Making Recovery a Reality
As a Junior at Northeastern High school, Austin McNew was both an athlete and star student. He loved watching football, fishing, and still made time for his studies. He was excited to step onto the football field as a senior in the upcoming season.
In January 2016, life changed forever for the 17-year-old. He and his friends were sledding near his family’s home in Fountain City when his sled crashed. After the crash, he found he wasn’t able to get up and brush off the snow. He couldn’t move at all.
Austin was transported to Reid Health’s emergency department where testing revealed the extent of his injury. The crash caused instant paralysis when two vertebrae in his cervical spine compressed and damaged his spinal cord. After being flown to IU Methodist in Indianapolis, he underwent emergency surgery to realign C4 and C5 and started on the long road to recovery.
Due to the nature of his injury, his doctors weren’t sure about his long term prognosis. While Austin was eager to get back on the football field, his doctors couldn’t promise him he would ever walk again.
His family and community rallied around him and encouraged him with wide-reaching social media campaigns, fundraising efforts, and prayers. More than 800 “#McNewStrong” t-shirts were sold, raising money to purchase a van to transport Austin and his wheelchair.
Austin’s determination and optimism pushed him through intense physical therapy. Progress was slow, but six months after the accident, he had his first breakthrough- he realized he could wiggle his toes and thumbs.
Austin’s parents are his perennial supporters and side-kicks. His mother Teresa and father Michael have been by his side every day of his journey. In the early days following their son’s injury, they read him the thousands of supportive messages Austin received.
They also keep an eye out for new therapies that could help Austin’s recovery. Soon after the accident, his mother, a local teacher, learned about functional electrical stimulation (FES) technology. “After Austin’s injury, I just started looking and researching,” she remembers. “And after talking with other mothers, this just kept coming up: ‘FES,’ ‘FES.’”
FES is a therapeutic technique that electrically stimulates nerves to cause muscle contractions. A physical therapist applies adhesive patches over a patient’s muscles, like quadriceps, and turns on the machine. Electrical pulses send messages to the muscles, telling them to contract like they would when pedaling a bike. This repetitive movement helps to condition and strengthen a paralyzed person’s muscles.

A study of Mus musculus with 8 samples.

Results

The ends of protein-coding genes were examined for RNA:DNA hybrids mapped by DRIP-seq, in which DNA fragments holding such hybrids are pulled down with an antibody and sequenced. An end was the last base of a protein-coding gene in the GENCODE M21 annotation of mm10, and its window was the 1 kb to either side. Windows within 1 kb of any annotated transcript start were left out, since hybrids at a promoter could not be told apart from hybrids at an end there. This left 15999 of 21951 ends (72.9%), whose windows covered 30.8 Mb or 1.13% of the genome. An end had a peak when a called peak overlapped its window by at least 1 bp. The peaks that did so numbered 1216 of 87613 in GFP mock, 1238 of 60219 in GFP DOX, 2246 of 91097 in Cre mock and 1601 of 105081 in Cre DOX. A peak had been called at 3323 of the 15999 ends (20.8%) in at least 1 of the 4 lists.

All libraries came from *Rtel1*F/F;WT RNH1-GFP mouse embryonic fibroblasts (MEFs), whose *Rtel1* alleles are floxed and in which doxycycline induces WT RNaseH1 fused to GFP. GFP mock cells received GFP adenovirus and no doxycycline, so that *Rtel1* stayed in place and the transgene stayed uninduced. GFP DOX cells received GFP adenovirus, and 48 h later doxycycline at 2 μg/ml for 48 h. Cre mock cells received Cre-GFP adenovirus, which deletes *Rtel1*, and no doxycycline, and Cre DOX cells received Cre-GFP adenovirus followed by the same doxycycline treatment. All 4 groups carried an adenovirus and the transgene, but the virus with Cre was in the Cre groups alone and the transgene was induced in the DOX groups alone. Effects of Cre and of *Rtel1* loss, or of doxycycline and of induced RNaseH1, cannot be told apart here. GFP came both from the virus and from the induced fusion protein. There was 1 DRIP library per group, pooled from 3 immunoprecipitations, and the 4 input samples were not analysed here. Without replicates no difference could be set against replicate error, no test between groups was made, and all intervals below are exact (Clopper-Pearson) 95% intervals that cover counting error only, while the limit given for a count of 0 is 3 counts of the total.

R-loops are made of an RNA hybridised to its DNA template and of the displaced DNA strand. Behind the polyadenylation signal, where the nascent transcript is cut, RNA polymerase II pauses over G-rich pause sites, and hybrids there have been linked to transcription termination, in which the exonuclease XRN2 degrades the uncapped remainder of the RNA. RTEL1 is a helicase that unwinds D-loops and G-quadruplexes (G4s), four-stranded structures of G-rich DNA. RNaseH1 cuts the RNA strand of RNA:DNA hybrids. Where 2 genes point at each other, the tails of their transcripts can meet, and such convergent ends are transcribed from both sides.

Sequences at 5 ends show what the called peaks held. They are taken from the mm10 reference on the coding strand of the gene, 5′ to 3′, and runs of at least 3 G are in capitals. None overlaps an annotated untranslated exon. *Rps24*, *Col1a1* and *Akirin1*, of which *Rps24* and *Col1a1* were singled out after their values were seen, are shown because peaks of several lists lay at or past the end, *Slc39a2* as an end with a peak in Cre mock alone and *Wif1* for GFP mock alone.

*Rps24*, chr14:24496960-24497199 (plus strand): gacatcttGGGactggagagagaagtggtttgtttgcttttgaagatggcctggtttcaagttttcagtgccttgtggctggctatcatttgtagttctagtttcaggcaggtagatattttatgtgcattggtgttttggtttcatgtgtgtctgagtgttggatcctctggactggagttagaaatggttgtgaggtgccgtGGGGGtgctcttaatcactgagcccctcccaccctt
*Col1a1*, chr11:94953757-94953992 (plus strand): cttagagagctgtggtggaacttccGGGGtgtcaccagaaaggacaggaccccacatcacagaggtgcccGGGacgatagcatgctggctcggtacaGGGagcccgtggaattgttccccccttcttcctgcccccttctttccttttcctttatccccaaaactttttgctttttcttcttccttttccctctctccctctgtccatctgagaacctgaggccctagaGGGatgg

Teresa and Michael were eager to learn if it was something that could help their son. When they found that no local hospitals had an FES machine, they looked to Austin’s therapists at Reid Health for advice.
“They mentioned the FES to our therapists, who came to me to see if there was anything Reid Foundation could do to help,” says Justin Burkhardt, the director of Reid Foundation. Thankfully, there was. “We worked with Restorative Therapies (an FES manufacturer) to bring this great technology to Reid Health.”
The new equipment arrived to Reid Health about a year after Austin’s accident. Just in time for the holidays.
“We were very excited,” says Michael, “they even put a bow on it,” adds Teresa.
After Reid Health therapists were trained on the new equipment, FES was incorporated into Austin’s and many other patients’ therapy sessions.
Austin’s strength has increased rapidly since the FES was added to his routine. He and his therapy team diligently track his improvement. Austin recites the metrics that measure his progress and strength with the same excitement as he does his old football stats. In July 2017, he became strong enough to sit upright for a minute without support, something that hadn’t been possible before FES. By December, he was able to sit unassisted for more than 40 minutes.
FES is improving outcomes for many Reid Heath therapy patients thanks to generous contributions to Reid Foundation. “We’re so grateful,” says Justin. “The gifts we received made this therapy accessible for Austin and other individuals in our region.”
Reid Health’s new FES equipment is supported by hands-on advice from Restorative Therapies, who are on-call to help with patient therapy. “We’ve had Restorative Therapy in for clinic days… We schedule all our patients who use the FES and have their clinic expert help us problem-solve, troubleshoot, and try new things,” says Rick Johnson, the manager of Inpatient and ARU Rehabilitation Therapy Services. This adds up to improved and advanced care for every Reid Health patient who uses FES.
Two years after his accident, Austin continues to be an inspiration to those around him. He’s currently a double major in psychology and political science at Indiana University East, and still finds the time for physical and occupational therapy three times a week. Every Friday, he and his therapists work on walking. When supported by a harness that helps lift his body weight, Austin is now able to take steps across the physical therapy room.
His therapists say it’s hard to overstate how incredible this is for a quadriplegic person. And his entire support team, including mom, dad, therapists Rick and Darcey, and thousands of followers on Twitter, are all beaming with pride.